FDNY firefighters remember Maui boy who battled cancer as 'one of us'

(Image: Hawaii News Now)
(Image: Hawaii News Now)

NEW YORK CITY, NEW YORK (HawaiiNewsNow) - The firehouses across the urban sprawl that is the Upper East Side of Manhattan all have something in common.

Like many of others around the world, the New York Fire Department keeps a 'riding list' near the door — a list that indicates which firefighters are seated in which positions on engines and ladders during any particular shift.

At Engine 44/Ladder 16 on 67th Street, the fifth position on the riding list never changes; it's reserved for Firefighter Trucker Dukes, the three-year-old Maui boy died of cancer nearly a year ago.

"He was one of us," said Lt. Bobby Jones, of the New York Fire Department.

Dukes, the son of a Maui County firefighter and an honorary member of that department, spent much of his young life in New York City, where he received treatment for stage-four neuroblastoma. He stayed at a Ronald McDonald House on the Upper East Side that happened to be near a fire station, and firefighters across the neighborhood there became instant friends.

"He was full of energy. He had his little red fire hat on. He wanted to see the firetrucks," said firefighter Richie Solero. "You become attached right away. He was a great little kid."

More than 20 firefighters from the New York Fire Department made the trip to Maui last March to attend their young brother's memorial services, and the boy's emotional impact on many New York City firefighters is easy to see.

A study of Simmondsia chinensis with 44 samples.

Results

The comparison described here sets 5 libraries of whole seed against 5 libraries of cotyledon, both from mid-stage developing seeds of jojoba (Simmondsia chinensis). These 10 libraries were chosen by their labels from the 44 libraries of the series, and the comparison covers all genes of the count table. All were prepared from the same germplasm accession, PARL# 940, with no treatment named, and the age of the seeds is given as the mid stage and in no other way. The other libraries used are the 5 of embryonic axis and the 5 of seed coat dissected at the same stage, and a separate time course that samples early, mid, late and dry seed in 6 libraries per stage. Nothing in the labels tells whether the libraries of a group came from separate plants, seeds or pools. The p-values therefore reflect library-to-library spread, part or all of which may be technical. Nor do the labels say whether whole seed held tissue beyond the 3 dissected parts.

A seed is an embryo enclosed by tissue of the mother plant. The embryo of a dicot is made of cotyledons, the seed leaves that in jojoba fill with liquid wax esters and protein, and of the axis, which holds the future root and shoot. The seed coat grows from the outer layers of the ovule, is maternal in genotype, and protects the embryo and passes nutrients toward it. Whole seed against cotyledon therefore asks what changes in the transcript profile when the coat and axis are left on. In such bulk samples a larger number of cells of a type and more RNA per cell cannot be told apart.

Trucks race across Manhattan bearing stickers that say "Trucker Rides With Us," and his position on each fire house's riding list has an inspiring emotional meaning. Now mostly phased out of use, the fifth seat on a fire engine once was once responsible for helping to pull fire hoses into position and make sure the lines never kinked — Trucker symbolically helps firefighters drag hoses into positions every day.

Look in any direction and there are plenty of reminders of Trucker's presence; firefighters wear t-shirts and sweaters with the words 'Team Trucker' emblazoned on front and back, and photos and news clipping line the walls of a staircase that leads to sleeping quarters upstairs.

On Saturday, the FDNY will hang perhaps the most symbolic reminder of them all: a plaque with his likeness, commemorating him as a fallen firefighter. Adjoining walls hold similar plaques remembering Robert Curatolo and Raymond Murphy — firefighters from Ladder Co. 16 who died in the line of duty on September 11, 2001.

In many ways, Trucker's death impacted firefighters as much any firefighter's could have.

"If you join the fire department, you know you have the risk of getting cancer. You're a grown man and you can accept that," said firefighter Justin McNally. "But when you see a little kid with it, they haven't had a chance to live their life... It's not fair. And it's just really tough."